Safety vs Control

Are you one of the approximately 5% of people who, when you ask the question, “How are you?” want to hear the real answer? There is only a handful out there for each of us who really want to hear the truth. For most people, “How are you?” has become merely a greeting to follow “Hello,” and all that is expected or wanted in reply is “I’m fine.” We get uncomfortable with further details. It is part of the inevitable evolution of our language.

I am fascinated by language development and we have a huge and controversial example happening right now in America. Think about how differently these two labels for the same issue make you feel.

Gun Control – now this one makes me feel like someone is trying to control me or tell me what I can or cannot do.

Gun Safety – this one reminds me of all the lessons my FBI father taught me so I wouldn’t hurt myself or anyone else with a gun. Yes, I had a toy pistol and holster but I wasn’t allowed to point it at anyone, even though it was a toy.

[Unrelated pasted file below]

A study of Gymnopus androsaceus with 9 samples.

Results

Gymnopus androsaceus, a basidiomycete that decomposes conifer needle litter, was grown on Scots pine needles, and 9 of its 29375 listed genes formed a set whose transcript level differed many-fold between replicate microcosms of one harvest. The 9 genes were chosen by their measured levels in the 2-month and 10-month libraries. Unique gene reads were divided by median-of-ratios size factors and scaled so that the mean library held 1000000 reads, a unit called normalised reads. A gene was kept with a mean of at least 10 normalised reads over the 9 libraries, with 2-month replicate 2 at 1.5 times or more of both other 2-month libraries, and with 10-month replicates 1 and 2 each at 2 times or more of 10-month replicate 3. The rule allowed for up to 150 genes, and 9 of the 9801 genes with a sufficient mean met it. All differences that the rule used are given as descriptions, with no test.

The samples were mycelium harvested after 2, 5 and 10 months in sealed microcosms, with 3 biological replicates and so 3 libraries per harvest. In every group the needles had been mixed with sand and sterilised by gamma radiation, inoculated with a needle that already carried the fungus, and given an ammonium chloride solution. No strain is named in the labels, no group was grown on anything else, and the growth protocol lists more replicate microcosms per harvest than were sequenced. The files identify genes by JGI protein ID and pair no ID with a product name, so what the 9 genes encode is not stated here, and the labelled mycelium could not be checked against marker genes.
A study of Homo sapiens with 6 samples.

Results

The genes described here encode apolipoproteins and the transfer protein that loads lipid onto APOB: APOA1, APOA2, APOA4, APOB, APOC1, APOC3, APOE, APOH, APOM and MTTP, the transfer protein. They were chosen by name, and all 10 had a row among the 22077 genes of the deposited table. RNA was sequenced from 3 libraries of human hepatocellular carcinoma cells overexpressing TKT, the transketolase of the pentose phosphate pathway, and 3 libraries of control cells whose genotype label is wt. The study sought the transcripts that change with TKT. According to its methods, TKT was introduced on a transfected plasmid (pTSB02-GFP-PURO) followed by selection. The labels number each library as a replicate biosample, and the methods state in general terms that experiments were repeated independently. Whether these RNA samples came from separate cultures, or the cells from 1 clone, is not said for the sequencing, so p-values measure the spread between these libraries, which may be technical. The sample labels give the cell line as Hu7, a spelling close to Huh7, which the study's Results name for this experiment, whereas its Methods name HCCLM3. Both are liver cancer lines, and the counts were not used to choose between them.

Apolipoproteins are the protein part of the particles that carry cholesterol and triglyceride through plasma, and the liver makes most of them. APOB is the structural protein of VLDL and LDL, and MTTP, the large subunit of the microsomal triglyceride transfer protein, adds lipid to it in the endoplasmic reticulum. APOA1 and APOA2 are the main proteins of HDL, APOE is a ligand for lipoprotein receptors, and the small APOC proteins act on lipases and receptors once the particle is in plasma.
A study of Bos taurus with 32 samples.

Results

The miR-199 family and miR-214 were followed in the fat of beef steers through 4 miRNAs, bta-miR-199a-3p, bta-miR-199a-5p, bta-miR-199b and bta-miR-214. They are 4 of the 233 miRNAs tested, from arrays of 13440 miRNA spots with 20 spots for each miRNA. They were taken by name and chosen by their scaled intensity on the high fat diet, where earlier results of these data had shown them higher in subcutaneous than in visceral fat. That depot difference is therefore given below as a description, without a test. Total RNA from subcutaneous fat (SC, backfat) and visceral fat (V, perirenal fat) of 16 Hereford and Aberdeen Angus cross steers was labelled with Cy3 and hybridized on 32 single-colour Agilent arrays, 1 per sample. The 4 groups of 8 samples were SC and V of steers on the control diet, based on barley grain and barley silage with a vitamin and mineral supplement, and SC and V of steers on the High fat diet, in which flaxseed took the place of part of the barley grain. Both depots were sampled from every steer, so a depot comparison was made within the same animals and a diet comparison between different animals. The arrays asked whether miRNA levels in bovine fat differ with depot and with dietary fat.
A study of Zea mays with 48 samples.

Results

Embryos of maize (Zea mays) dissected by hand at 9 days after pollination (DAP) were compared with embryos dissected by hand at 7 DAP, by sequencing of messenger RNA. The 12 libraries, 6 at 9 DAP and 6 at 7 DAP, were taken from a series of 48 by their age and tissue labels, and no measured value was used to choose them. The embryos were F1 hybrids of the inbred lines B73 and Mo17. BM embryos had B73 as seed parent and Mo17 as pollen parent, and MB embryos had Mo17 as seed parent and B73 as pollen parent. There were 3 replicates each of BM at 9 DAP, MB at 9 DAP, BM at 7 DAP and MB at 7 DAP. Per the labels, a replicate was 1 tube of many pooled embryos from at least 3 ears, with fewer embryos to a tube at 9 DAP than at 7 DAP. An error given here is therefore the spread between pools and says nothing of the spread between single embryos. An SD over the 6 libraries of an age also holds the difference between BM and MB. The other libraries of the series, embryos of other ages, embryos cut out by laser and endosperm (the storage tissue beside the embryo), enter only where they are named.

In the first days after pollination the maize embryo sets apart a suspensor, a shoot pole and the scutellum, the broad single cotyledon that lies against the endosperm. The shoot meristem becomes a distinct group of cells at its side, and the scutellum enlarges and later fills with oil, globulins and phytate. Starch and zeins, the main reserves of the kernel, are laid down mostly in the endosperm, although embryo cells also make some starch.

Both expressions are currently being used to try and get gun violence – not hunting or sport – lowered in America. None of us want to see children gunned down in a school or in a drive by, NONE OF US. The reality, however, is gun violence happens every day. The reality is that at this point we have no control over mental illness or those patients getting a hold of guns. The reality is more people are victimized or killed by guns stolen from private homes than are protected by their own guns in a home invasion.

So what is the answer? I don’t know. Can we change our culture? I don’t know, but it will only happen slowly and with lots of careful listening and dialog if it does. If people listen to what is really being said without reacting to what they think they hear – evoked by the language – we have a chance to accomplish what the goal for everyone is, a safe place for our children to be children.

About Barbara K Tyner

A graduate of UCCS with a degree in English Lit., Barbara writes Children's Literature as well as mainstream fiction. Her popular children's series, The Badger Books, is co-authored with Barbara's daughter, Laura. Her first novel, "Wait Here, Wait There" deals with grief and Alzheimer's. Her second novel, Rhyaden, a middle grade fantasy released Nov. 2018. Gardening, exploring National Parks, Kayaking, hiking, and snow-shoeing top her list of favorite hobbies.